October 1
12-1 PM

Rhode Island State House
82 Smith Street, Providence RI 02903.
Find us on the south side of the State House, facing the Providence Place Mall.

Fee: Free
Refreshments: Yes
Recording Allowed: Yes

My State House

State Capitol buildings are designed and constructed to give the appearance of permanence, solidity, and grandeur. Yet times are changing: citizens’ confidence in and engagement with government is waning, while new technologies will make aspects of State Capitol design obsolete. What will these buildings look like in the 22nd century? What spaces will they contain — to serve what kinds of activities? How will these buildings and grounds address changing demographics, technologies, and climate? What other social, physical, or political changes will affect State Capitols’ programmatic and symbolic requirements? How can State Capitols serve local communities better? The My State House project invites Rhode Islanders to ponder these questions by suggesting changes to the Rhode Island State House or its grounds. Participants draw or write their Big Ideas on maps which will be used to inspire architects, designers, artists, and community members submitting design/art/programming proposals in the fall. Seven of these proposals will receive stipends to expand on their idea, and the project will culminate in an exhibition at the State House next summer. Join us as we gather at our State House to discuss what a State House of the future might look like, and share your Big Idea on a map! We will hear a bit, too, about the design history of our State House, and about initiatives underway at other State Houses to remove or recontextualize problematic public art.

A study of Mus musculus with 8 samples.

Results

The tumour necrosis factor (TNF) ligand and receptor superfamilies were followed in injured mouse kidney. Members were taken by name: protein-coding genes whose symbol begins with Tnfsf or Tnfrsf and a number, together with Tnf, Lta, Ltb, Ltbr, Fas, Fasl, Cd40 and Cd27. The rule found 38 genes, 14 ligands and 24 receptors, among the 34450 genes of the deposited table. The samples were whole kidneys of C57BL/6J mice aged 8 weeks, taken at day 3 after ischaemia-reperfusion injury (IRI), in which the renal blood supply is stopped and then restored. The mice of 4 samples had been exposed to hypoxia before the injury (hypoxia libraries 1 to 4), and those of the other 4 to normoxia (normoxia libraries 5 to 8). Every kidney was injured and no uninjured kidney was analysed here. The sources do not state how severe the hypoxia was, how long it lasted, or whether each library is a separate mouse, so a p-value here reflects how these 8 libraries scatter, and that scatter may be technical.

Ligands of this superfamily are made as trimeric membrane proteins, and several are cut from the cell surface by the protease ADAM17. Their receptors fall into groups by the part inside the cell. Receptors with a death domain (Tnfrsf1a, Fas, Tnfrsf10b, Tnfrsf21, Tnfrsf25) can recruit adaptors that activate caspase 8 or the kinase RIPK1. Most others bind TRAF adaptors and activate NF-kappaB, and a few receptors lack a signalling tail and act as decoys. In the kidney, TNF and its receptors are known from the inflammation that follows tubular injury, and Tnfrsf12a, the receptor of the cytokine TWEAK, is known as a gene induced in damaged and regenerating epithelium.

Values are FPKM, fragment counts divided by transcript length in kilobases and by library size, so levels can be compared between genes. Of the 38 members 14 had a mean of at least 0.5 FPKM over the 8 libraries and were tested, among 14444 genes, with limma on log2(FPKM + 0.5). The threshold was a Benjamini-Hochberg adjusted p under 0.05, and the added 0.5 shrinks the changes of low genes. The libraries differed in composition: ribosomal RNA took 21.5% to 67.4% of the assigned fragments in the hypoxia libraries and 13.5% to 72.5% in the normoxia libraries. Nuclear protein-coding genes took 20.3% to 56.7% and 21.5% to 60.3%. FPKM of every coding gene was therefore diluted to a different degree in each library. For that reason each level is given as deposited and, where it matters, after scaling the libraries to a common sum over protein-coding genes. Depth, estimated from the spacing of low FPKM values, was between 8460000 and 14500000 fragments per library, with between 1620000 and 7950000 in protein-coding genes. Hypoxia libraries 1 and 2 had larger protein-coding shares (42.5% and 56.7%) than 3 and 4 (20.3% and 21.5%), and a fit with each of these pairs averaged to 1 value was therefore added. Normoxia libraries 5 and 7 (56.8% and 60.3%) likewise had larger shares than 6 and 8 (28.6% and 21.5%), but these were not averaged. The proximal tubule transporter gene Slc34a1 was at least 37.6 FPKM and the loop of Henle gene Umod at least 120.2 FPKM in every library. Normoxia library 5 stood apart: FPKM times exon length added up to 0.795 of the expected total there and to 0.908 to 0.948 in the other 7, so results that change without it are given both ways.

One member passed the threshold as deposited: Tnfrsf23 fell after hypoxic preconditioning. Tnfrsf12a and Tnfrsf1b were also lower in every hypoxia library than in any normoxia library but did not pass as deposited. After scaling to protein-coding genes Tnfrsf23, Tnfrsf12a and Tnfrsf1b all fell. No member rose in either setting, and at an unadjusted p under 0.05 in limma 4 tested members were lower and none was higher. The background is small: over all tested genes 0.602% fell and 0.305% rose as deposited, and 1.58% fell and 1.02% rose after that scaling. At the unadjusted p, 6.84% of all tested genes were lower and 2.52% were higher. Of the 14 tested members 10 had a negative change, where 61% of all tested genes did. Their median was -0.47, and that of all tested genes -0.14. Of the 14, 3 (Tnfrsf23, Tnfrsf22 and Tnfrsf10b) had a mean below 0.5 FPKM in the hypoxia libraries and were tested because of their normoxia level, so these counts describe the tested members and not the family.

Marisa Brown

Marisa Brown is the Assistant Director for Programs of the John Nicholas Brown Center for Public Humanities and Cultural Heritage at Brown University, where she teaches graduate seminars titled Introduction to Public Humanities and Critical Approaches to Preservation and Cultural Heritage. Her forthcoming article, “Can This Place Be Decolonized?” looks at the problematic art collection of the US Capitol.

Lane Sparkman

Lane Sparkman is Associate Director of Education and Public Programs for the Rhode Island Department of State. Based in the RI State House, she manages the State House tour program which provides guided tours for over 17,000 visitors per year. She also develops public programs, curates exhibitions, and creates educational materials for teachers, students, and the general public in support of the Department’s mission to make government more accessible and inspire civic pride.